So a federal judge has upheld the constitutionality of Vermont’s public financing law. Too bad he couldn’t rule on the ridiculousness of the law, because that decision would have gone very differently.
In the wake of his ruling, two things have to be addressed ASAP. First, the absurdly punitive $72,000 fine imposed on Dean Corren for a piddly-ass technical violation of the law. Imposed by that self-righteous hypocrite, Our Eternal General Bill Sorrell.
There is no way in Hell that Corren should have to imperil his personal finances because the Democratic Party included him in an e-mail message. The value of that “impermissible contribution”? $255, if I remember correctly.
Fining a guy $72,000 for what was, at most, a petty violation is like sending a guy to jail for not feeding the parking meter. It mocks the very concept of justice.
Okay, that’s number one, and I don’t care how we do it. If it involves a sock full of quarters applied to Sorrell’s noggin and a bit of backroom “persuasion,” so be it. Well, maybe the Darn Tough Convincer is a bit much; let’s just tase him. (He shouldn’t mind; given his record on police brutality cases, he must think getting tased is no big deal.)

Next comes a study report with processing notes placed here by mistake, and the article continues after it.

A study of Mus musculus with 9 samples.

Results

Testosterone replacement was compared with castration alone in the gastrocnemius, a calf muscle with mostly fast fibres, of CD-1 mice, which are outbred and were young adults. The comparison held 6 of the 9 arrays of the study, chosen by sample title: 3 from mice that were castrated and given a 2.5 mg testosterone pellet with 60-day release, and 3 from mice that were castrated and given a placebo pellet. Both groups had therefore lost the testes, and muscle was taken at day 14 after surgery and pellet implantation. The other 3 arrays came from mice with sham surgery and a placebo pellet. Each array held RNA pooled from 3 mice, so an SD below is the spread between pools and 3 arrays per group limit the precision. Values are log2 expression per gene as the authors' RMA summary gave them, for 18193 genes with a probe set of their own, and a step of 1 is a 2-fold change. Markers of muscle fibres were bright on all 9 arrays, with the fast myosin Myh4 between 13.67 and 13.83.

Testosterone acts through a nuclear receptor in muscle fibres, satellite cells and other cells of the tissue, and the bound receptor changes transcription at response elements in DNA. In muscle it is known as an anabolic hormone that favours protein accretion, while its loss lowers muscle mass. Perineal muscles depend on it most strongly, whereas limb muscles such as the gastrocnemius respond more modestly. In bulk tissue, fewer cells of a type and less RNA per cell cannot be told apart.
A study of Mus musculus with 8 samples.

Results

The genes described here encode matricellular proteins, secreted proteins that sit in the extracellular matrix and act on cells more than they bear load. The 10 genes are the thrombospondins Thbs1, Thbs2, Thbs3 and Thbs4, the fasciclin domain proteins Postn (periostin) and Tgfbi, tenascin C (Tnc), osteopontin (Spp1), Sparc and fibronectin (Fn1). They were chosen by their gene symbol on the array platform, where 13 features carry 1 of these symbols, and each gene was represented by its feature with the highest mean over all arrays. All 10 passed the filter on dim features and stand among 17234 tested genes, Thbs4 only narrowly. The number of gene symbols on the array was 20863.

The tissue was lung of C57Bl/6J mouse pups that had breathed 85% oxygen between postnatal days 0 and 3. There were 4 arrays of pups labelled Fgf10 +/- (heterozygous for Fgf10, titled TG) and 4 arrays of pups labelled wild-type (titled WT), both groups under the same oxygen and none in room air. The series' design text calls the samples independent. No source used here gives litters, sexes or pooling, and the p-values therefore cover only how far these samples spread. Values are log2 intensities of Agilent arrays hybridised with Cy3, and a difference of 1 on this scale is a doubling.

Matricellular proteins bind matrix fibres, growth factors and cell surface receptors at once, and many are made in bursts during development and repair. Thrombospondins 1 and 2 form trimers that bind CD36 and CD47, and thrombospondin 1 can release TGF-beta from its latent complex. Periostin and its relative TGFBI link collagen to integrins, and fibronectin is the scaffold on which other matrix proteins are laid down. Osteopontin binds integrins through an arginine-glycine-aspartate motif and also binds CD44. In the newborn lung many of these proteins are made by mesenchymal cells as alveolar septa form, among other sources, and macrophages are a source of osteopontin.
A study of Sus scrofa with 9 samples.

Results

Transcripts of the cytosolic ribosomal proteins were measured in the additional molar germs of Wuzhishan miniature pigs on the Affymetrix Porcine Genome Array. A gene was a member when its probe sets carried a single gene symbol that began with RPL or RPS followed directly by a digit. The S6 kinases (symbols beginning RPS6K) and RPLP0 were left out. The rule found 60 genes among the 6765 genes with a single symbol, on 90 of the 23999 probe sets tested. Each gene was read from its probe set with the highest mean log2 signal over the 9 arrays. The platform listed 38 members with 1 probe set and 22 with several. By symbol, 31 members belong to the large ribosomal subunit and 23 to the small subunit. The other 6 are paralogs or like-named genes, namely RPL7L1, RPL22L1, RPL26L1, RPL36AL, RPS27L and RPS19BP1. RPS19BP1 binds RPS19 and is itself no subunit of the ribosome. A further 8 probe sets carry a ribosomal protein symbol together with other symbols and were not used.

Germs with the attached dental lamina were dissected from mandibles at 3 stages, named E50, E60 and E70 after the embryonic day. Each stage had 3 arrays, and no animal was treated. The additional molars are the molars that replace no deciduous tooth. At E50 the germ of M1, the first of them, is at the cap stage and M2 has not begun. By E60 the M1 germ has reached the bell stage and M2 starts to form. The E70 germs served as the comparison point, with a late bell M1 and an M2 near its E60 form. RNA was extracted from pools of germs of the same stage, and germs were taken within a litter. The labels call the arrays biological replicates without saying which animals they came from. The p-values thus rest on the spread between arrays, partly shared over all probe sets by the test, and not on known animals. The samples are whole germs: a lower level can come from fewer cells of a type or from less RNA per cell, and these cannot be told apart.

The second issue is the public financing law itself. It’s a joke. It’s so restrictive that it seems designed to prevent candidates from using it.
Look: Candidates have to wait until mid-February to launch campaigns. Once they launch, they have to round up a lot of small contributions from every part of the state in a small amount of time.
And then, if they qualify, they get kinda-sorta enough money to compete. And they have to be so careful about violating the “impermissible contribution” standards that it’s basically like tiptoeing through a minefield.
Here’s the real question. Do we seriously want a public financing system that works? Do we want a system that encourages underfunded candidates, and helps balance the scales against big-money politics?
If we do, then the law needs a complete rewrite. Increase the available funds. Make it easier to qualify. Clarify the restrictions on contributions or outside help, and the penalties for violating the terms.
Otherwise, we might as well not offer public financing at all.
You want my sneaking suspicion? I don’t think legislative Democrats want a fairer system. After all, the primary beneficiaries are likely to be (a) Progressives or (b) outsider candidates. The Dems have the best of the current system — at least until the outside Republican money gets to be overwhelming.
It’s too late to reform public financing in this session. But in 2017, let’s see a serious reform bill — or let’s just repeal the current mess and stop pretending we care.